7 million people die every year as a result of air pollution, says WHO
Air pollution levels remain dangerously high in many parts of the world, with 9 out of 10 people breathing air that contains high levels of pollutants, according to the most recent update to the World Health Organization’s (WHO) Global Ambient Air Quality Database.
As urban air quality declines, the risk of stroke, heart disease, lung cancer, and chronic and acute respiratory diseases, including asthma, increases.
While all regions of the world are affected, people in low-income cities, mainly in Asia and Africa, are suffering the most. Ninety-seven per cent of cities in low- and middle-income countries with more than 100,000 inhabitants do not meet WHO air quality guidelines—contrasting dramatically with 49% in high-income countries.
Improvements in access to clean fuels and technologies are failing to keep pace with population growth in many parts of the world, particularly in sub-Saharan Africa. It is estimated that household air pollution from cooking with such polluting fuels and technologies caused an estimated 3.8 million deaths alone in 2016.
While the WHO data show ambient air pollution levels are still dangerously high in most parts of the world, countries are taking measures to tackle and reduce air pollution from particulate matter and more cities than ever are measuring pollution levels and recognizing the associated health impacts.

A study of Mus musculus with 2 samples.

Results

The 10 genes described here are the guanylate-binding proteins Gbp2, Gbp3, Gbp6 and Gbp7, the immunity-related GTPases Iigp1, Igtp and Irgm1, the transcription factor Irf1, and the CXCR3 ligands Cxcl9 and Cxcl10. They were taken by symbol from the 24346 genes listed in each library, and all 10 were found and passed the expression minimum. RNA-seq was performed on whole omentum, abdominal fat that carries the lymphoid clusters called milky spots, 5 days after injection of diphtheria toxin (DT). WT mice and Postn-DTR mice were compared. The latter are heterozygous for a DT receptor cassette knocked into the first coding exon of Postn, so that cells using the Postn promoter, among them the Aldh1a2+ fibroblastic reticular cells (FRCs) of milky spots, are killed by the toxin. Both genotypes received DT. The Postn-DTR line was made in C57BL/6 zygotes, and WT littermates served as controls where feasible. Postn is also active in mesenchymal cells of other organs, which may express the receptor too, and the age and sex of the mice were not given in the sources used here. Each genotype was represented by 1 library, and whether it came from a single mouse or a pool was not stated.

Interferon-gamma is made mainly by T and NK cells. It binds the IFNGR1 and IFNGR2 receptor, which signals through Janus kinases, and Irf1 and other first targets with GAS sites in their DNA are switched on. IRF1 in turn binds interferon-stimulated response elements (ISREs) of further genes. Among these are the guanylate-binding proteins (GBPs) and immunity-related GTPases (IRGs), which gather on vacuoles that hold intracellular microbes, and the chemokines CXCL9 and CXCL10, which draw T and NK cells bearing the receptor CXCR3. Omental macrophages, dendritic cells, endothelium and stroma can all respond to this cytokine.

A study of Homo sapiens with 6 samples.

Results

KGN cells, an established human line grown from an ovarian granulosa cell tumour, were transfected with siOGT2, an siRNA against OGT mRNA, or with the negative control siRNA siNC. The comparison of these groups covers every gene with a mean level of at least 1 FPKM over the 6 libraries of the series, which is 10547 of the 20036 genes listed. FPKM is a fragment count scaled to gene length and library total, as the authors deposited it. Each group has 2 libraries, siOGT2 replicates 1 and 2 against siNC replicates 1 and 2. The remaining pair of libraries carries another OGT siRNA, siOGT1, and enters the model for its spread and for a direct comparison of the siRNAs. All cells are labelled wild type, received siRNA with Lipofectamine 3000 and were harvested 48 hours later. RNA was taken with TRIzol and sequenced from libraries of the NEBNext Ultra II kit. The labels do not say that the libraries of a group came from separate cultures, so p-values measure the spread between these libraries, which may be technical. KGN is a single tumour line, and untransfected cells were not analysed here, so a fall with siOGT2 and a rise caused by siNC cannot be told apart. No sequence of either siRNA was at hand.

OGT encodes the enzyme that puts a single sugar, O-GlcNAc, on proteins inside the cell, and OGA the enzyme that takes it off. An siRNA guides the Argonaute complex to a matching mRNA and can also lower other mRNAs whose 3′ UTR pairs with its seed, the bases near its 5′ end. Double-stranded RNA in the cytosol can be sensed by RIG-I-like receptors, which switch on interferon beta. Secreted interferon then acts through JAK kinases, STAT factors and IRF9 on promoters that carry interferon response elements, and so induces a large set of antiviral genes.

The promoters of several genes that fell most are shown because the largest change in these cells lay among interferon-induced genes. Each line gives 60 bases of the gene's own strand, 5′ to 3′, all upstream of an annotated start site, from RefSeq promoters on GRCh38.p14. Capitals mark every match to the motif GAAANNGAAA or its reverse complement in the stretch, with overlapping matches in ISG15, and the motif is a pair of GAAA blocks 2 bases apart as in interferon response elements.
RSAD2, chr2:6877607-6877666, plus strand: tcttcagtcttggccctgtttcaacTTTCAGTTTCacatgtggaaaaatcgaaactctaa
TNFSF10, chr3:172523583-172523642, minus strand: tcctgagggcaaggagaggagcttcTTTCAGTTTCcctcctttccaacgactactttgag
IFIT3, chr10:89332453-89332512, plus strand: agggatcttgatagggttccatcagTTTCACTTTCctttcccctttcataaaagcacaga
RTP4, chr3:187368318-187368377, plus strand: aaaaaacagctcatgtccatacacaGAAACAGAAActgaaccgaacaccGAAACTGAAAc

WHO stresses that “Air pollution does not recognize borders … Countries need to work together on solutions for sustainable transport, more efficient and renewable energy production and use and waste management.”
Writing for IZA World of Labor, the LSE’s Sefi Roth observes that, in addition to human health, air pollution imposes higher costs on society because it also adversely affects scholastic achievement and human capital formation: “[T]hose who suffer the most tend to be residents of the poorest parts of cities. This is mainly because of their proximity to factories and other disamenities, which makes them more exposed to air pollution.” Therefore, improving air quality in highly polluted and economically deprived areas may also improve social mobility as evidence suggests that air pollution affects educational outcomes unevenly across the income distribution.